What is exactly loyalty?
Does it mean automatic obedience?
Does it mean absolute trust?

I guess the right question that would help defining loyalty is what should a man be loyal to? Should a man be loyal to an idea or to a person?
Loyalty should never be to a person, it should always be to a concept or an idea, and then would automatically extend to anybody who is believed to work for the best interest of that concept or idea.
Loyalty to a concept protects that concept from manipulation or abuse by whomever implementing that idea.
That means that being loyal to someone you think he works for a believed concepts does not mean that you automatically follow him in all times, in fact it means that we have to criticize that person when we think that he does not work for the concept.
Loyalty is self-driven motive or moral, it is directed by our beliefs so; it cannot be challenged by a claim of sincerity or honesty from anybody else towards the concept.
From this we may conclude that loyalty does not mean always obedience, though loyalty means honesty in the interim.

During the last half century, the political and administrative environment in Egypt was totally saturated by the concept that was brought about by 1952 revolution - let us call it a revolution temporarily - the concept is that loyalty precedes competence. This was associated with the common false perception of loyalty as obedience and absolute blind trust.
That concept in itself is a very destroying concept because, why should there be a conflict or a choice between loyalty and competence? And when combined with the -intentionally- faulty interpretation of loyalty it resulted in the introduction of very low quality persons to positions they should never have been to, on the basis of their loyalty which was in reality an opportunistic hunger and greed.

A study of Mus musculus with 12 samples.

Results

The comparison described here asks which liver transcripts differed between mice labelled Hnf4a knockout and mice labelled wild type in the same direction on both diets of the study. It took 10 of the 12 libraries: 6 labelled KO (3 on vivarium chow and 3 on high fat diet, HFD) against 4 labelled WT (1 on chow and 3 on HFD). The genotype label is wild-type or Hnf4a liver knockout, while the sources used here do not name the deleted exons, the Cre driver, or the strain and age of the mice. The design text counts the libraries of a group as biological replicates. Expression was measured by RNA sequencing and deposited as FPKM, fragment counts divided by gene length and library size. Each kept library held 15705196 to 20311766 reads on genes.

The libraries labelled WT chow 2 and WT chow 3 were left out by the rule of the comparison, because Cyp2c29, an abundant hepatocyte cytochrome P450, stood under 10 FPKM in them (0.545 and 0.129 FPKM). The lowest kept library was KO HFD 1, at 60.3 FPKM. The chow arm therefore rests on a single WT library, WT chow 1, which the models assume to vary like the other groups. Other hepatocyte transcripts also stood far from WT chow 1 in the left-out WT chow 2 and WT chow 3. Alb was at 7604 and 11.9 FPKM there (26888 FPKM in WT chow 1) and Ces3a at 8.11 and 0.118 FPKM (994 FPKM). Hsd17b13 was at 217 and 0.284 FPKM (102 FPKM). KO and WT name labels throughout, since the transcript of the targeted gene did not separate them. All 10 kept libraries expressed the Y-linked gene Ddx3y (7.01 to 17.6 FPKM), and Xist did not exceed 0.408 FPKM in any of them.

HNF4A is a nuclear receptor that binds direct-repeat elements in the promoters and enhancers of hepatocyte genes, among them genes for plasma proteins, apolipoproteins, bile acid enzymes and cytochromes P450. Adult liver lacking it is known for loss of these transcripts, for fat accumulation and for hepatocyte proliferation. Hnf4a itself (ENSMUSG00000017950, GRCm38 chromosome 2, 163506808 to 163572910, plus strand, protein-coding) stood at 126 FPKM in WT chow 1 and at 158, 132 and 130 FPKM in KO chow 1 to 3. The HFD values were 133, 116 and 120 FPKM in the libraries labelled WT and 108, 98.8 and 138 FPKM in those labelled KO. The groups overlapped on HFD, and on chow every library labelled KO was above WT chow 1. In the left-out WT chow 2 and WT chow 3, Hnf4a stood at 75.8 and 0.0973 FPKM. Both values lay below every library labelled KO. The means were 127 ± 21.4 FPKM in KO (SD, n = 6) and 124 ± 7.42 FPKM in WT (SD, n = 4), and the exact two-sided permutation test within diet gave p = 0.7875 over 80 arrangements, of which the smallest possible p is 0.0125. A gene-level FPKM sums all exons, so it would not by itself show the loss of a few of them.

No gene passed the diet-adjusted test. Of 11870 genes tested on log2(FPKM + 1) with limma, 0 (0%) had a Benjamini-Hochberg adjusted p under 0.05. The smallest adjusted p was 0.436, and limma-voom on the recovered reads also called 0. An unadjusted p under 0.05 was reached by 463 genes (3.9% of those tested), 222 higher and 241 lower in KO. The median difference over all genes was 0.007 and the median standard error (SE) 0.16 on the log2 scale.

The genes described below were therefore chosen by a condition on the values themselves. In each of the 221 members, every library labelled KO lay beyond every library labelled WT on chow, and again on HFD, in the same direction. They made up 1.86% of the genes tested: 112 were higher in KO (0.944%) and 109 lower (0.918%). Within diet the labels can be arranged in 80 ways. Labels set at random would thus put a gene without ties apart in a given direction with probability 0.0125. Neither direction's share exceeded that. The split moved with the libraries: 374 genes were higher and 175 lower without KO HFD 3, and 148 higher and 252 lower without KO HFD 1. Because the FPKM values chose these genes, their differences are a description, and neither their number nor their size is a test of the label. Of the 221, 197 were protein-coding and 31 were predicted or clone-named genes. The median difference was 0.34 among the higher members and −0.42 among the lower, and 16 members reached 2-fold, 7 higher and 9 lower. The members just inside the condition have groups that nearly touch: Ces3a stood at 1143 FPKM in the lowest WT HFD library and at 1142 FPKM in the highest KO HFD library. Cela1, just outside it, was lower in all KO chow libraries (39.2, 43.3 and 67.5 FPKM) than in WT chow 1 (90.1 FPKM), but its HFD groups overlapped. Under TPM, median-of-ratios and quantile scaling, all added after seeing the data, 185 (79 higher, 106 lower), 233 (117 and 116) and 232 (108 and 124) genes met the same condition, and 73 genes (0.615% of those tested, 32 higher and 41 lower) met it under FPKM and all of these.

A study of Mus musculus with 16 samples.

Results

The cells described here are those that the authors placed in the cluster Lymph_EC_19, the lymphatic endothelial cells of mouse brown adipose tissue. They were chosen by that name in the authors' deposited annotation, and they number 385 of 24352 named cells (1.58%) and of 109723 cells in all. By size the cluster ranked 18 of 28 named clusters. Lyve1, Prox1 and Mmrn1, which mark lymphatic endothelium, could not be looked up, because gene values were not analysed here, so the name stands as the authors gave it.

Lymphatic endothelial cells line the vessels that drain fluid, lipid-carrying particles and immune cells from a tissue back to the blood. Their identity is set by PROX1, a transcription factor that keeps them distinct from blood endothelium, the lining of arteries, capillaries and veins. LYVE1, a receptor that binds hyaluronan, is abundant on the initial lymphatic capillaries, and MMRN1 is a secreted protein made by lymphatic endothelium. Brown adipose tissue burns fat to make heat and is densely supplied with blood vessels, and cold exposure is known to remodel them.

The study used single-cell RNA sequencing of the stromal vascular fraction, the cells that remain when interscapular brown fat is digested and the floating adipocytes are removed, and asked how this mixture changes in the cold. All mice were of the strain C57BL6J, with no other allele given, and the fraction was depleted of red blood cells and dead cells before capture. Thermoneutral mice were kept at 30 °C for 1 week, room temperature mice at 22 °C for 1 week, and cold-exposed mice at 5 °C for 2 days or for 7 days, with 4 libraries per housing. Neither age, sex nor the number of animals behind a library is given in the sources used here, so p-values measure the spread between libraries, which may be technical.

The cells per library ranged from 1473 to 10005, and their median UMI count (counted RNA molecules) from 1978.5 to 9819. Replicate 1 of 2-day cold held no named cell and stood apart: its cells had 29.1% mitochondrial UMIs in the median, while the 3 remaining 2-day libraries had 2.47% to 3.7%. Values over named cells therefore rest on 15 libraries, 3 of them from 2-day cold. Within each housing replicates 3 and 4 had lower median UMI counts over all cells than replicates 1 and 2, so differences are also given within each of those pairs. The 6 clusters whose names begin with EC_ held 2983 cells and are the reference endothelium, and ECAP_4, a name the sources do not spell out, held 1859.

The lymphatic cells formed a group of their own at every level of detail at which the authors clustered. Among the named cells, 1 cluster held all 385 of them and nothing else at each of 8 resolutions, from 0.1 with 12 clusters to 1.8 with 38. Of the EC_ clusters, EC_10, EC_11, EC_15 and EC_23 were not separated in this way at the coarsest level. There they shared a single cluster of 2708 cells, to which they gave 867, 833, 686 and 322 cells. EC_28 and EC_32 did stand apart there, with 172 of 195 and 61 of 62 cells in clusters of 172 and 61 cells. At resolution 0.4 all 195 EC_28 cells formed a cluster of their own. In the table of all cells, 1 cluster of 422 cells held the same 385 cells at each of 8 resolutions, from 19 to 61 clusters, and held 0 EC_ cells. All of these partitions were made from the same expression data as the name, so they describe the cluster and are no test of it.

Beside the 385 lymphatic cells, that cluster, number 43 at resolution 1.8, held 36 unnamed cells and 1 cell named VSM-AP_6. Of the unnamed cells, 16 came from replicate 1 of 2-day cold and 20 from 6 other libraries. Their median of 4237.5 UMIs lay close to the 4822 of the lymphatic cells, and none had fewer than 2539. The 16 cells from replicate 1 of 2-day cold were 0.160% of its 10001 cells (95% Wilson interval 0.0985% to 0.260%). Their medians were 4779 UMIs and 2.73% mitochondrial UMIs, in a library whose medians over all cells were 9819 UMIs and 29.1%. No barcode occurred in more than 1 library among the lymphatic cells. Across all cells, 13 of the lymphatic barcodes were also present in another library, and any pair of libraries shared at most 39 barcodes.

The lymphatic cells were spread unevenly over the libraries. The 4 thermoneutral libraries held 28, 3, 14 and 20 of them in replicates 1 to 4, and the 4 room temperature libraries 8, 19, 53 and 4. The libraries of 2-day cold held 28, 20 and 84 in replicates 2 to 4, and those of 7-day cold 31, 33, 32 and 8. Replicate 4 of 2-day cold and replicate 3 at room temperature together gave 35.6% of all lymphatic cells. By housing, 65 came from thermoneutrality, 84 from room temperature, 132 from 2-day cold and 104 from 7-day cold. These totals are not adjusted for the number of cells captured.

The interesting question that I do not have an answer to is that “Is loyalty always necessary?”
I tend to believe that when it comes to decision making, or to long term planning, loyalty is a must, loyalty in this interim would be equal to “patriotism”, however loyalty in itself is not good enough to take the right decision, and it has to be combined with all the needed skills, knowledge and intelligence. When it comes to implementing the decision, a guess loyalty itself is not a necessity; however implementation should be monitored and inspected for protection against intentional and un-intentional mis-implementation.

Finally, are there a set group of concepts that we should be loyal to automatically or is it a personal choice?
In the ideal situation, it should be a personal choice, but in reality, people learn what they should be loyal to from the surrounding norms.
Those surrounding norms shape and define unconsciously a person’s identity which leads to the beliefs and concepts that a person decides to be loyal to.
That brings in light the concept of “Identity” which in fact is the mean focus of my current readings.
Identity, its definition, its development and its effect on the personal choices will be the topic of later posts……….

1 comment:

Lago Di Como said...

First, I agree with you that loyalty should never be interpreted as obedience.

Second, I guess we should differentiate between loyalty on the pure human level and loyalty on the political level.

What I personally think is that on the first level loyalty & sincerity are very related and are very important in human relationships.

However, on the second level it is very hard for normal humans to maintain loyalty to ideas & concepts without putting the figures who actually work for the best interest of those concepts (or pretend to) in a very high rank to a degree which makes the actions of those persons unquestionable. In other words, human nature tends to misinterpret loyalty & obedience.

Besides loyalty is a very broad & relative concept, i.e. being loyal to a political idea does not necessarily mean the best interest of the nation and in more severe cases could mean treason to that nation.